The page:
And here you thought I would never get into commercial policies. I tread lightly in commercial because it's not my specialty. So I'll try and keep the information solid and easy to follow. I thought a good place to start would be with EPLI. Ok, ok... it's a good place to start because another co-worker has already done the research, so I just have to blog it. Yay! So, here we go...
EPLI aka Employment Practices Liability Insurance covers businesses against claims by workers that their legal rights as employees of the company have been violated. A few examples are:
* sexual harassment
* wrongful termination
* breach of employment contract
* wrongful discipline
* failure to employ or promote
Coverages that are part of EPLI include defense cost. There are 2 types - Defense inside the limit and defense outside the limit. Let me explain those a little better.
Defense inside the limits - this means all defense costs (attorney's fees, court costs,
investigation & filing legal papers) are deducted first from the policy limit, which
cuts into the overall limit of dollars available to pay for monetary damages awarded
by a ruling.
Defense outside the limits - this means there are separate limits available for legal
defense costs & court awarded damages. With this the defense costs do not erode
the policy limits to pay settlements from a suit.
Coverage can either be per occurrence or per claims made. Let me explain these:
Per occurrence - the "occurrence" form covers losses that take place during a
specific coverage period regardless of when an incident is reported. Example:
insured has a policy effective from 01/01/19 to 01/01/20. An EPLI claim is reported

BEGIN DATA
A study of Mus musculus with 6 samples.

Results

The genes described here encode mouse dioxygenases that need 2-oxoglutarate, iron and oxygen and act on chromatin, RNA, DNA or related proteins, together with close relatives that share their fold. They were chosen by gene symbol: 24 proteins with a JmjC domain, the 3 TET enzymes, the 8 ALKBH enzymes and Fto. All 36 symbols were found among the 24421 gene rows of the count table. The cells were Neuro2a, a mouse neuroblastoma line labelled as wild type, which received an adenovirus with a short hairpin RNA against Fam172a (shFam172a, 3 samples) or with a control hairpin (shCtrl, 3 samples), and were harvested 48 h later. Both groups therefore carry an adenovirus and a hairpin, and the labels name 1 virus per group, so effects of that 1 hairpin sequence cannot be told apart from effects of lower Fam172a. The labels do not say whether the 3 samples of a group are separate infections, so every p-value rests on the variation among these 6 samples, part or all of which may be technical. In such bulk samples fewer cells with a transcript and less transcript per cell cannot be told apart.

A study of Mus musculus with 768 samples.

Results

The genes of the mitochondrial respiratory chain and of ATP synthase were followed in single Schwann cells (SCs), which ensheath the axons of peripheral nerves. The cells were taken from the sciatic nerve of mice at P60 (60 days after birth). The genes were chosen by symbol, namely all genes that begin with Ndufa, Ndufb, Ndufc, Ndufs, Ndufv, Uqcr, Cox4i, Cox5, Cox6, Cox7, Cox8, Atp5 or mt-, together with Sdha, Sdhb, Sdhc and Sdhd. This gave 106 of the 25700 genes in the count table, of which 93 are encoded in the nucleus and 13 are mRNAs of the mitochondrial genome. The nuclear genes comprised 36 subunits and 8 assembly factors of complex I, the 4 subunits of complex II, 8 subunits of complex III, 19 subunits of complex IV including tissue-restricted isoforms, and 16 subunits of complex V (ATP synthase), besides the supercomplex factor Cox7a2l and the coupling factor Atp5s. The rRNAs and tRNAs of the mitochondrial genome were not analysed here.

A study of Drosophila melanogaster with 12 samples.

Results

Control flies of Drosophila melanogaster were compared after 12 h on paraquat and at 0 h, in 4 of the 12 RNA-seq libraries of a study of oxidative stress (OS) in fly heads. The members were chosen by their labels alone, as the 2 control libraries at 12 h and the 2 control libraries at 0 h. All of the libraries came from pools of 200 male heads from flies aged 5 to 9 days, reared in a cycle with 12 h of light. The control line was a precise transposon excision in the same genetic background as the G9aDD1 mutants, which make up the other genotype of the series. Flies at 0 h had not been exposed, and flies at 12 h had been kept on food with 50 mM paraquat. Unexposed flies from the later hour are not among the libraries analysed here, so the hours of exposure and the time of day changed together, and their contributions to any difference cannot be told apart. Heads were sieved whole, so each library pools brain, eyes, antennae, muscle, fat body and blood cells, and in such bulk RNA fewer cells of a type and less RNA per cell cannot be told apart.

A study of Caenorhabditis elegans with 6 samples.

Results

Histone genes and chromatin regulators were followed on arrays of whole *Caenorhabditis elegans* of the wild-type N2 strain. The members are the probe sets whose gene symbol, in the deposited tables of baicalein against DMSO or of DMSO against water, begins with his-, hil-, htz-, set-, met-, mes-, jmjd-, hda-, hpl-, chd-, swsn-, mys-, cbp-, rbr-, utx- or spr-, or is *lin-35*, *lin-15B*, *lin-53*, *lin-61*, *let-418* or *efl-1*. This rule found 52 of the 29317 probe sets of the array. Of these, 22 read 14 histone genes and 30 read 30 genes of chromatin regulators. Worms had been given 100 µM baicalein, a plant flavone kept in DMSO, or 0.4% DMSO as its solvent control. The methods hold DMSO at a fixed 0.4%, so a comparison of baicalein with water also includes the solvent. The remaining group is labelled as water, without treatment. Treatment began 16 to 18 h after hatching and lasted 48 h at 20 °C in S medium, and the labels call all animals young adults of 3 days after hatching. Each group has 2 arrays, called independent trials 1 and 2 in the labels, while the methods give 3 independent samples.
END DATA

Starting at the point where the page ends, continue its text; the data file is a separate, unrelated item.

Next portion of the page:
in may of 2020 for an incident that occurred in August of 2019. the claim would be
covered since the loss occurred during the policy period.
Claims-made - the "claims-made" form covers incidents that you report during an
active policy period. Note that a claim needs to have occurred after the retro date
and reported during the policy period to be covered. If it is reported after the
policy's expiration date and no extended reporting period was purchases, there
would be no coverage.
That's all clear as mud, right?
I mentioned a retro date. The retroactive date can be found on most claims-made policies an is designed to eliminate coverage for claims that took place prior to the retro date, even if the claim is fist made during the policy period.
Ok, I admit I am definitely not an expert on EPLI coverage. These are just a few parts of an EPLI policy. If you think you need this coverage, please give you agent a call. We have a couple of agents that I would consider an "expert" in all thing commercial. They will be more than happy to explain the what, why and how of this policy. But hey... you made it to the end with me! Wooo!